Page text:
On Thursday, Congressional Quarterly updated its ratings of all the congressional races in the country. None of the three Minnesota House districts currently held by Republicans are rated as “safe Republican” seats, but the redness of each of the three is rated at a different level of danger.
CQ rates the hot race for the Jim Ramstad seat in Minnesota’s 3rd Congressional District as a toss-up (CQ actually calls this category “no clear favorite”). This rating is consistent with what the national punditocracy has felt about Erik Paulsen vs. Ashwin Madia race all year.
Because Michele Bachmann was tricked by Chris Matthews on “Hardball” into expressing her concerns about Barack Obama possible anti-Americanness, and the subsequent seven-figure flood of dollars to her Dem opponent, Elwyn Tinklenberg, Bachmann’s chances of being reelected have been downgraded. But, unlike the Cook Political Report which has Bachmann-Tinklenberg in the toss-up category, CQ rates the race as “leans Republican,” which is the least safe category after “no clear favorite.”
In the next circle of risk, where CQ puts races where the incumbent is not quite safe but not in much danger, two more Minnesotans are listed. Democrat Tim Walz of the 1st District and Republican John Kline of the 2nd are “favored” but not safe.
That leaves the other four Minnesota congressfolks, Keith Ellison, Betty McCollum, Jim Oberstar and Collin Peterson, all Democrats, in the “safe” category.
Nationally, to give you an idea of the likely range of Dem pickups on Nov. 4, CQ has six seats currently held by Republicans as leaning to the Dems, but only one currently Dem seat that leans Republican. In addition, CQ has 17 seats currently held by Republicans, versus six currently held by Democrats, rated as “no clear favorite. It wouldn’t take much of a Dem tide to give the Dems a roughly 20-seat pickup.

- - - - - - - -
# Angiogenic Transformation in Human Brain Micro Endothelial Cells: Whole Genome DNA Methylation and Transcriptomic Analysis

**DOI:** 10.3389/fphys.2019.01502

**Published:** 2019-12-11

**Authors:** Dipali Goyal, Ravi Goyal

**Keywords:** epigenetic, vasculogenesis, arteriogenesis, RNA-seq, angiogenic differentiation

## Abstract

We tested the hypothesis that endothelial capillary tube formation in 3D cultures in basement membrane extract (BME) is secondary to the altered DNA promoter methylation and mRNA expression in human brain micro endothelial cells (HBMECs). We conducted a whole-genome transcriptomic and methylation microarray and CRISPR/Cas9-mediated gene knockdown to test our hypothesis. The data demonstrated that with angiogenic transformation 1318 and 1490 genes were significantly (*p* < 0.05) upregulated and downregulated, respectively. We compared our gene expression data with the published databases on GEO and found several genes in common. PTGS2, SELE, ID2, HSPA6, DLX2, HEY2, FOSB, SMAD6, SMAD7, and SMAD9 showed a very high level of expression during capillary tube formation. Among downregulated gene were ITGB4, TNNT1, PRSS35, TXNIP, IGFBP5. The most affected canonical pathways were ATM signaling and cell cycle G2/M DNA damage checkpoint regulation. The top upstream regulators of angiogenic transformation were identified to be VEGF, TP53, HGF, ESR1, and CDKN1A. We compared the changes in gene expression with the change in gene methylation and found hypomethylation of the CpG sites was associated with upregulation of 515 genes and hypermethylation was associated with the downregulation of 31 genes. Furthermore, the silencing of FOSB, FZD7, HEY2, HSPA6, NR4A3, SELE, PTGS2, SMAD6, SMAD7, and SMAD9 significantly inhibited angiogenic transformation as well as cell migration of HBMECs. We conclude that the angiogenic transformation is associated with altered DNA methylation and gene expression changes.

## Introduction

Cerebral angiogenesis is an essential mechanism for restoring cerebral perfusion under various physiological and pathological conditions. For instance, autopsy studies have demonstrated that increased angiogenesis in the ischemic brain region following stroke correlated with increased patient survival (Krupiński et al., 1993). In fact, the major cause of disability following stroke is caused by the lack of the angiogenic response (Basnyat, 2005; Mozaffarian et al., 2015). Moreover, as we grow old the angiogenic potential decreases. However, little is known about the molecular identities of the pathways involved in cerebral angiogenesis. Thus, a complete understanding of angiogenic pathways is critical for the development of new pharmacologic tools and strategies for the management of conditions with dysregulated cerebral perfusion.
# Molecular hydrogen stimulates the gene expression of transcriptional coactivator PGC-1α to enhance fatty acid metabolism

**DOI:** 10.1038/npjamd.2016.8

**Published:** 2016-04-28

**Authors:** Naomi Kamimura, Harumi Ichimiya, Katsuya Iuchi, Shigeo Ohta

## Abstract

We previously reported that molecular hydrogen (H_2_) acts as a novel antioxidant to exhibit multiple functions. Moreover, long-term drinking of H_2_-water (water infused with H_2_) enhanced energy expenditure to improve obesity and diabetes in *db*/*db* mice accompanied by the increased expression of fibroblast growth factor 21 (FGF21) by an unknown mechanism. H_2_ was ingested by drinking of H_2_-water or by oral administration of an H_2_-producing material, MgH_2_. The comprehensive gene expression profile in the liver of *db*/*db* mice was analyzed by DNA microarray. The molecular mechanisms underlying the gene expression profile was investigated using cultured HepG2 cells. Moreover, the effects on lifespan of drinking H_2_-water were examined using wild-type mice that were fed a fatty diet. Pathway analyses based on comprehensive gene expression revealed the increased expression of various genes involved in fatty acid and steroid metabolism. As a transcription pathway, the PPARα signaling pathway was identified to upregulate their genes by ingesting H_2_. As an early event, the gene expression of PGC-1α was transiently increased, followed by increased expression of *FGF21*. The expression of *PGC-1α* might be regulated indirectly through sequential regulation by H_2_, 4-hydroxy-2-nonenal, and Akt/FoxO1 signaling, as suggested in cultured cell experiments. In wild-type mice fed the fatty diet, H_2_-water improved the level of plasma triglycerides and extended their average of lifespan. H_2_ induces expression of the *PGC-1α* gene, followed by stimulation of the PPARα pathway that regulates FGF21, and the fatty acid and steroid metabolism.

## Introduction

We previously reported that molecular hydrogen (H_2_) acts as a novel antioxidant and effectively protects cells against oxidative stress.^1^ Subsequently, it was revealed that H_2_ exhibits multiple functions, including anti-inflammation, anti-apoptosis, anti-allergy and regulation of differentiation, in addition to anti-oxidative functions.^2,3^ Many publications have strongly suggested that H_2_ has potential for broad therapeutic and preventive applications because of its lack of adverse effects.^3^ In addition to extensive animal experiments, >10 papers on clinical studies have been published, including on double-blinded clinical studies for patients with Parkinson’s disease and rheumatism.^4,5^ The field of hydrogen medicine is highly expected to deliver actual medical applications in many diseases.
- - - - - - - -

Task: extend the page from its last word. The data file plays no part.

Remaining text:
If you’re thinking tsunami, 23 Republican-held seats are currently rated as “leans Republican” (this is the group that includes Bachmann) while 13 Dem-held seats are rated as “leans Democratic.”
Lastly but not leastly, on the Senate side, CQ has Minnesota’s Coleman-Franken race as one of four toss-ups. All four are seats currently held by Republicans. In addition, CQ believes that the Virginia race to replace the retiring Republican John Warner is “safe Democratic,” that the New Mexico seat to replace the retiring Republican Pete Domenici is “Democrat favored,” and that three more Senate seats currently held by Republicans (in Alaska, Colorado and New Hampshire) “lean Democratic.” So, if the Dems won all the seats where they are currently ahead by at least a lean, they would pick up five seats, with a shot at four more (including Coleman’s seat) in the toss-up category. A complete sweep of the nine seats would give the Dems a filibuster-proof 60-seat majority.
According to the trend line of recent polls maintained by pollster.com, the Democratic candidate is ahead in three of the four CQ toss-up races (Minnesota, North Carolina and Oregon) but not in the fourth (the Roger Wicker-Ronnie Musgrove race in Mississippi). So, if the Dems won every race in which they now have a lead (however small), they would pick up eight Senate seats and end up with a 59-41 majority.